NASA has big plans for the robot its JPL team use to compete in the DARPA Robotics Challenge finals last weekend.
The space agency hopes its four-legged robot, which came in fifth place in the DARPA finals, can one day build parts for the International Space Station and satellites in space. The weekend challenge involved two dozen teams competing to see who had built the best robot to aid in disaster response.
Now that the JPL, or Jet Propulsion Lab's robot, dubbed Robosimian, has finished competing, its second job will begin.
"We actually already have a program with DARPA. Rather than looking at disaster areas, we're looking at assembly work -- in this case, assembly in space," said Brett Kennedy, principle investigator for JPL's team in the robotics challenge. "The dexterity and mobility capabilities that come along with Robosimian could be adapted for zero-g (gravity) environments."
Robosimian is a four-legged robot that can stand upright on two legs and use its other two limbs as arms with hands capable of grasping a lever, holding a tool or turning a valve.
That design might serve well in orbit, on the moon or even on Mars to build satellites, fuel depots or shelters to house astronauts.
"Assembly in space ... it would all be the same robotics problem," Kennedy told Computerworld. "The most immediate research we're going to be doing... would be more along the lines of building very large telescopes or fuel depots for satellites. Currently, the largest telescopes we can build are limited by the size of the rocket that launches them."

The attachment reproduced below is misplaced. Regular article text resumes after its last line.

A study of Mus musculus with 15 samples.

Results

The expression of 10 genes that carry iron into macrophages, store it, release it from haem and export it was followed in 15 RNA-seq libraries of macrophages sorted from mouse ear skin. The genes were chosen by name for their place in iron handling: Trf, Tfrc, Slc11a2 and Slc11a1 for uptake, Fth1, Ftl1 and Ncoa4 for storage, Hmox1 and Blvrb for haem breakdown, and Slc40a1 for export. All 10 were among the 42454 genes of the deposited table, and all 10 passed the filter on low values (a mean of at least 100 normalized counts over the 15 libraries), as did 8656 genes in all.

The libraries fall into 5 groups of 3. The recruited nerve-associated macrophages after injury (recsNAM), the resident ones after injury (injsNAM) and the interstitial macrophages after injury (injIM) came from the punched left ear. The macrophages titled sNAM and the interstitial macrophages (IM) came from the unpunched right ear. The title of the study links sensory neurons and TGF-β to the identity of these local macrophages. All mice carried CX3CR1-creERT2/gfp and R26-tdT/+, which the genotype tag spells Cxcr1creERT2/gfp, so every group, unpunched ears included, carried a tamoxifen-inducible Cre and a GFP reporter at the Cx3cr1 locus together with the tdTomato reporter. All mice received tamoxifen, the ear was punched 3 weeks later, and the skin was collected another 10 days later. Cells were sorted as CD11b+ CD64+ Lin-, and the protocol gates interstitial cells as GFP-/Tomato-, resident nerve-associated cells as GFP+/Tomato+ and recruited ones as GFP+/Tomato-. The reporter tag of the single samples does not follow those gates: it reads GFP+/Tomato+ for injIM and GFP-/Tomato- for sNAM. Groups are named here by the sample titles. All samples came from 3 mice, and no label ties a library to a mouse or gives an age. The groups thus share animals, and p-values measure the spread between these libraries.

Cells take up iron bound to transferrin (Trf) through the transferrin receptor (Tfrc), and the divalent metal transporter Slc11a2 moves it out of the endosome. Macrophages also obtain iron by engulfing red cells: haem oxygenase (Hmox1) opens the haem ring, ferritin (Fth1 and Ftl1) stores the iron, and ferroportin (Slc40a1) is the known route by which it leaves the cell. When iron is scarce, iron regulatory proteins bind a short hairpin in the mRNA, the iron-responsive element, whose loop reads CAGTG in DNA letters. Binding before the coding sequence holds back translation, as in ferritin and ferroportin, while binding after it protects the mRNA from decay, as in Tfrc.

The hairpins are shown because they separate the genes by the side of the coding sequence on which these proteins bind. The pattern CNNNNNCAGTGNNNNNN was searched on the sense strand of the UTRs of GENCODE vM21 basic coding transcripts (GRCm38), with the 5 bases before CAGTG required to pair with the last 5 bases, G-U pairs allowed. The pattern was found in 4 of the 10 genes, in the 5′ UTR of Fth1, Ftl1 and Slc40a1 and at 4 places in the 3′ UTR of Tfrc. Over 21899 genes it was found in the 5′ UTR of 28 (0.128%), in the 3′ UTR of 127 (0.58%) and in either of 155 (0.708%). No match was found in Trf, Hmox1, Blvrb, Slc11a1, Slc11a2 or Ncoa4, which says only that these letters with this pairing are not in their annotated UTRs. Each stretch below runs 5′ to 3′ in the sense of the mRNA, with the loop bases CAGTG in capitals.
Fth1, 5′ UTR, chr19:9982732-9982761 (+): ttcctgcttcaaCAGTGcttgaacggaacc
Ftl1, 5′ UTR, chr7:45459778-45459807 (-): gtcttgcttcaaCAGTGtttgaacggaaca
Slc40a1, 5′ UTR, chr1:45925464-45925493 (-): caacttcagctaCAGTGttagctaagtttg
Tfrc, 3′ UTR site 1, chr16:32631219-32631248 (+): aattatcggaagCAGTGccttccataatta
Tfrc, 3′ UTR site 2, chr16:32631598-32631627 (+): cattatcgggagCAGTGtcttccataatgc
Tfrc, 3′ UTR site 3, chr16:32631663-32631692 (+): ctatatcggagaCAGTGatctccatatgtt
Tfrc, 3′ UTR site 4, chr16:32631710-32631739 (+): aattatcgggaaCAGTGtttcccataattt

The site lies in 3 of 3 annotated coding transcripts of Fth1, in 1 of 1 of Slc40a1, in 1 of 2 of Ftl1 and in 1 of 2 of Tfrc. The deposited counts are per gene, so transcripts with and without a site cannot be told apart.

The bigger the satellite, the bigger the rocket needed to launch it. Larger rockets cost more, making it too expensive to launch large satellites.
The same robotics technology also could be used to build fuel depots in orbit. Then robots could be used to refuel satellites, keeping them going far longer.
It also would be more efficient and less expensive to refuel satellites than to build and launch new ones.
If scientists could figure out a way to launch robots, the parts and possibly 3-D printers into space, then have the robots do the assembly work in orbit or, one day, in deep space, it would be far less expensive to do.
By avoiding the structural stresses and high costs of major launches, future satellites would not only be cheaper, but would be bigger and higher functioning.
Late last year, Tethers Unlimited Inc., a Bothell, Wash.-based aerospace and defense research company, announced that it is working on six- or eight-legged robotic spiders to build satellites or even spacecraft in space.
Researchers hope the project, called SpiderFab, could change the way spacecraft are built and deployed.
NASA's Robosimian is probably a few years away from being tested in space, according to Kennedy.
"If we can point to something we do on Earth that we could do on another planet, that's a very powerful thing to show people," he added. "We can have a different idea of what missions might be."
Robosimian will need to be redesigned for the rigors of space but should still look similar to the way it looked during the DARPA challenge.
DARPA's goal is to advance autonomous technology and robotics to the point where robots could be sent into damaged buildings after a disaster to turn off systems, inspect damage and look for victims.
In the finals last weekend, the teams were tasked with sending their robots into a simulated disaster scene, taking on eight different tasks, including driving a car, climbing stairs, using a drill to cut a hole in a wall and turning a valve.
South Korea's Team Kaist won the challenge, winning the $2 million top prize.